Part 2: Way the mall is designed is simply not conducive to good business
The Reston Community Association’s statement at the grand opening of Hunters Woods Village Center indicated that the unique design managed to “avoid the usual overwhelming seas of asphalt” typical of other shopping centers and expressed the belief that it would not be a center that “dies at the end of the day.” With a mix of restaurants, retail and services, Hunters Woods appeared to offer its residents convenience and variety.
Ten years after the shopping center opened, several original businesses, like Drug Fair, Safeway, Village Square dry cleaners and Baskin-Robbins, were still there. Others, like the hardware store and a hair salon, had seen changes in owners but still offered the same product. Records indicate that turnover was not unusual. One space had been a television repair shop, an Italian deli and a French restaurant before Bangkok West, a Thai restaurant, moved in and succeeded. Another restaurant space was first occupied by Big Daddy’s which offered Coney Island-style hot dogs and family fare and was then followed by La Gazelle, Ryder’s, Pizza Inn, the Seafood Emporium and the Alpenhaus Café. Across the open space from this revolving restaurant site, another eatery experienced more stability. Fritzbe’s family restaurant, one of the earliest concepts from Great American Restaurants, opened in December 1980 and remained in business until 1994.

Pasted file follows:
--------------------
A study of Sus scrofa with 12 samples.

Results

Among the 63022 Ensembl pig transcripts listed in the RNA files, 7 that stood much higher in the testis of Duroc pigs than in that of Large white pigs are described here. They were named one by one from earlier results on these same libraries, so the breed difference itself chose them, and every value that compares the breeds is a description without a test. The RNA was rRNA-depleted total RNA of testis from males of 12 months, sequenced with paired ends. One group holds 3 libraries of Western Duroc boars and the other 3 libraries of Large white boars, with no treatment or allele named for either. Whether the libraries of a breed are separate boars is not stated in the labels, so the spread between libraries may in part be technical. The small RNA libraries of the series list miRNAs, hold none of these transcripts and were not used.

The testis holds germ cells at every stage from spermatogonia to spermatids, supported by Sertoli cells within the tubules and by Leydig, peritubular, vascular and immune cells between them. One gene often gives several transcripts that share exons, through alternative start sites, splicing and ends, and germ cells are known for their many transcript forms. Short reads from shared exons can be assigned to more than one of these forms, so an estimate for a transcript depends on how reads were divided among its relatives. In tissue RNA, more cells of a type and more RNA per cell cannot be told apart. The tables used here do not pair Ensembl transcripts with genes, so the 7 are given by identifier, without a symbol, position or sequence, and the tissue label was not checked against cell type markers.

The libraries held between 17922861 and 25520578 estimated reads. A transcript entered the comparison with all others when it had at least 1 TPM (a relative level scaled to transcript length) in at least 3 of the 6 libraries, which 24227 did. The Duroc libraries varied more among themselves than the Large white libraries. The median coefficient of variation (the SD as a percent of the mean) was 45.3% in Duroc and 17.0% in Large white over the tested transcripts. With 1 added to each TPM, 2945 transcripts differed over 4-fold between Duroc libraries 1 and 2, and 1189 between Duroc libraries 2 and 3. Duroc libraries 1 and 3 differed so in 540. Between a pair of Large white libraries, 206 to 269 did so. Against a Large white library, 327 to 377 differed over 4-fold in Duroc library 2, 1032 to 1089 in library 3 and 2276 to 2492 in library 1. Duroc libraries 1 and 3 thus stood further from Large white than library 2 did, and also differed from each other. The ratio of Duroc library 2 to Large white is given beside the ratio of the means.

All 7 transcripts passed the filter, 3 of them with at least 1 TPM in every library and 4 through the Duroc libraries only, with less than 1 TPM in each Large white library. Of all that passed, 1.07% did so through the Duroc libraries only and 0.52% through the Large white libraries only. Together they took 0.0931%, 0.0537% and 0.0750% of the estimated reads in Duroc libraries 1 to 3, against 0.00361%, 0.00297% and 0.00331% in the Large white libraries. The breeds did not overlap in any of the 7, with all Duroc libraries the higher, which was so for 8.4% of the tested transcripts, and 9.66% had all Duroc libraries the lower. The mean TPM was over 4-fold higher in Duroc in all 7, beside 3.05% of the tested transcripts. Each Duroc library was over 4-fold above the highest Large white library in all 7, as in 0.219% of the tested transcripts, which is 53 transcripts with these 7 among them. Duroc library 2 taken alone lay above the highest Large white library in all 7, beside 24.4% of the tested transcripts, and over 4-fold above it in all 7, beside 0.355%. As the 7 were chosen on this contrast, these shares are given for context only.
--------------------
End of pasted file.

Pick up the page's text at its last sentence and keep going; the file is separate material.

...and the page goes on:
As early as 1978, crime around Hunters Woods caused concern. Reston’s robbery rate was more than 25 percent higher than the rest of Fairfax County, and multiple sexual assaults near Hunters Woods drew attention of police and the media. News accounts at the time hinted that juveniles were likely responsible for vandalism and muggings at Hunters Woods. Merchants feared shoplifters as well as negative publicity, and elderly shoppers from Fellowship House were easy targets as they walked through a shopping center obscured from the view of passing vehicular and pedestrian traffic.
In 1979, Martha Pennino, who represented Reston on the Fairfax County Board of Supervisors, explained the Hunters Woods situation to the Washington Post, “The rents on the shops are so high that many businesses over the years have gone under. The way the mall is designed is simply not conducive to good business. People go to the liquor store and the Safeway, and then leave.”